Ali Khamenei in January 2021, on the first anniversary of Qassem Soleimani's killing by the US.

Iran Hardliners Demand 'Absolute Obedience' To Khamenei

Saturday, 12/02/2023
Mardo Soghom

Chief Editor of Iran International English website

A hardline politician recently suggested that that an absolute ruler in Iran is not enough, “absolute obedience” is needed, referring to the Supreme Leader.

The statement comes after more questions have risen about how the parliament has become a rubber stamp and hardliners dominating the government get their power from Supreme Leader Ali Khamenei’s office. Consequently, questions also arise as to what the constitutional powers of the Supreme Leader are and do elections and elected offices mean anything, when he can dictate his will.

Hardline cleric Morteza Aqa-Tehrani, the chairman of the central council of ultraconservative Paydari Party recently quoted the party's founding father, Ayatollah Mohammad Taqi Mesbah-Yazdi as having called for the nation's absolute obedience to Supreme Leader Ali Khamenei.

Aqa-Tehrani quoted Mesbah as saying, "The absolute rule of the Supreme Leader is not enough as the theory of government under the Islamic Republic. The system also needs absolute obedience of the people to the supreme leader."

Hardliner politician Morteza Aqa-Tehrani

The statement effectively would render the legislative system in Iran meaningless. According to the ultraconservative party, Khamenei can make any decision, and the people will have no choice other than obeying what he decrees. What makes Aqa-Tehrani’s statement more dangerous is that his party is poised to gain absolute majority in the March parliamentary elections that are being heavily engineered to give a monopoly of power to hardliners.

Commentator Abbas Abdi writing in Tehran’s reformist daily Etemad on Saturday argued that those who speak about “absolute obedience” to the Supreme Leader, in fact are doing a disservice to him. A modern state cannot be governed on that basis because the world has changed in the past 200 years and now governing a country needs expertise in different fields, he stated. Those who insist on absolute obedience in fact leave the Supreme Leader in a lonely position, vulnerable to all things that can go wrong and make him a target for blame.

Mr. Khamenei has already entered the unenviable position of being seen as responsible for a once rich and promising developing country that is now on the verge of becoming a failed state. Anti-regime protests in recent years have demonstrated that increasingly many people have turned against Khamenei, seeing him as responsible for a failed state and an impediment to a better life.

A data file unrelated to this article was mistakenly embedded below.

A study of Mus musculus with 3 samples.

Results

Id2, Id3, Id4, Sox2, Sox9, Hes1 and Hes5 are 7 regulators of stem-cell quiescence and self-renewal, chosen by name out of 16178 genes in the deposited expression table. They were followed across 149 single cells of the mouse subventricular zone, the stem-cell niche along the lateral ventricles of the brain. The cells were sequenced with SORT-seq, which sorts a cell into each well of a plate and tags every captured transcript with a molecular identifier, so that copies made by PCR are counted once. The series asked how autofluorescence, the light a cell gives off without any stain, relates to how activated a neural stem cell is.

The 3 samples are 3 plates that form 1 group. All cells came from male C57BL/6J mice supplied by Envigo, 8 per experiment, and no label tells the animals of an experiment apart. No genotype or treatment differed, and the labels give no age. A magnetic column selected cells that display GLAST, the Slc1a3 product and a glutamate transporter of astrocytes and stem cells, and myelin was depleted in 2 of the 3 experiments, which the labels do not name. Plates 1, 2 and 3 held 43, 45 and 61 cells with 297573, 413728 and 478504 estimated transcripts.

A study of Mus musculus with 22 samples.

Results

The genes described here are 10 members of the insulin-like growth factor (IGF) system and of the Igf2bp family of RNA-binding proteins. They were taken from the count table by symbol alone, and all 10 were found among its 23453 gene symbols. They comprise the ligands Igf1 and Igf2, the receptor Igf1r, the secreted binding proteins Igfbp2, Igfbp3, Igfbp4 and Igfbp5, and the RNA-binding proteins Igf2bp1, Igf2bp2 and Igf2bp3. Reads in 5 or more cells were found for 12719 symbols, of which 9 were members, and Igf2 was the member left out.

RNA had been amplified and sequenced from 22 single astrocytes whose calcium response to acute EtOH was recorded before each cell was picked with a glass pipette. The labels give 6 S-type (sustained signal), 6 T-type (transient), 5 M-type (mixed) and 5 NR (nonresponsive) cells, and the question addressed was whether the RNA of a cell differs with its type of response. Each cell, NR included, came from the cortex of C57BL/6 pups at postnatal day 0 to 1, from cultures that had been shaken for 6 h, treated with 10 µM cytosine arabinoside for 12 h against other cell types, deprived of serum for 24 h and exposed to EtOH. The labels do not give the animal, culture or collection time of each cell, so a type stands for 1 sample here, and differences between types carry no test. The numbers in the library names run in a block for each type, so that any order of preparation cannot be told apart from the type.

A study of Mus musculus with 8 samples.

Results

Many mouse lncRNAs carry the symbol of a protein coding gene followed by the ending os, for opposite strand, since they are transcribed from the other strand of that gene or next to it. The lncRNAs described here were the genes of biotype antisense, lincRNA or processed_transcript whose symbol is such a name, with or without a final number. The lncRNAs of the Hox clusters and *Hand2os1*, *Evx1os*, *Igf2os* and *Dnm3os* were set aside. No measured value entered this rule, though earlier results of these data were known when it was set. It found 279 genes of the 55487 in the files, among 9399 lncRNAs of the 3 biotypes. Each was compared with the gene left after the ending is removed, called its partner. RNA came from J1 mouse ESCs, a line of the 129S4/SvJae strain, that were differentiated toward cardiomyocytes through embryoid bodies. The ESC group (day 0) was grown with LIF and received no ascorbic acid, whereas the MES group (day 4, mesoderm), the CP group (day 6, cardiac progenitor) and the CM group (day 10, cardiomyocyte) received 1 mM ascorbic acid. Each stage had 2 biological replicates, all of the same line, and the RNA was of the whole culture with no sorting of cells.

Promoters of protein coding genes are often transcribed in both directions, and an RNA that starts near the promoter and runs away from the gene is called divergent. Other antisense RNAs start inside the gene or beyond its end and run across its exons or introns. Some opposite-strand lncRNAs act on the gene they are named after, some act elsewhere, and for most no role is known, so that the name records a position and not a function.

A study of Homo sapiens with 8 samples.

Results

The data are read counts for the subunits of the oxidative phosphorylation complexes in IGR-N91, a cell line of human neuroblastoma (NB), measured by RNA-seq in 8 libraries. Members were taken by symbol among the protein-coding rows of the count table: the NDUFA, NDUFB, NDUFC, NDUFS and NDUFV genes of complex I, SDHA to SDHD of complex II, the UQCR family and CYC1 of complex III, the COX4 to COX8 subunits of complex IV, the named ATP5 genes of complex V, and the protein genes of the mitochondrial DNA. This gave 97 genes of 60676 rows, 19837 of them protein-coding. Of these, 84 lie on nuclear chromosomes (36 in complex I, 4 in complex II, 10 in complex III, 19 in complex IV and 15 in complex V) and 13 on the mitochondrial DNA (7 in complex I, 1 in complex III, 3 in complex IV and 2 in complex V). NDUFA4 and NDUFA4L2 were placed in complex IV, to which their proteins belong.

Prominent Tehran commentator Abbas Abdi

Iran’s economy, straddled with unsurmountable inefficiencies of nepotism and political control, has little hope of resuming development and progress. Sitting on the world’s second largest natural gas resources, Iran faces domestic shortages, let alone an ability to export.

Crude oil exports, limited by US sanctions, are not even enough to help bridge a 50-percent budget gap. The country needs $160 billion to overhaul and modernize its energy sector, according to oil minister Javad Owji, but its annual crude exports barely reach $22 billion. Iran resembles a football player who has lost track of the ball and no matter how fast he runs, it seems too late to catch up.

Iranians see this hopeless situation as the result of Khamenei’s 34-year rule, and his hardline loyalists resort to more praise and demands of full obedience, while many see his days numbered at the old age of 84.

Recently, former President Hassan Rouhani publicly referred to the inevitable, the death of the leader, and hinted at the need to look forward. This week, a senior cleric revealed that a small committee is looking into appointing a deputy leader. But the day after Khamenei’s eventual passing is what many whisper about. Who would replace him. Will there be a nasty power struggle, or even a “collective leadership” to replace the Supreme Leader? What will the Revolutionary Guard do? Will they push their own candidate, or they will start an internal power struggle?

Abdi referring to “absolute obedience” wrote, “I would like to say that those who make this statement are essentially pursuing their own agendas. By seemingly expressing support for the velayat-e faqih (Supreme Leader), they aim to advance their projects. Lacking intellectual courage and self-sufficiency, they seek to promote their plans through this statement.”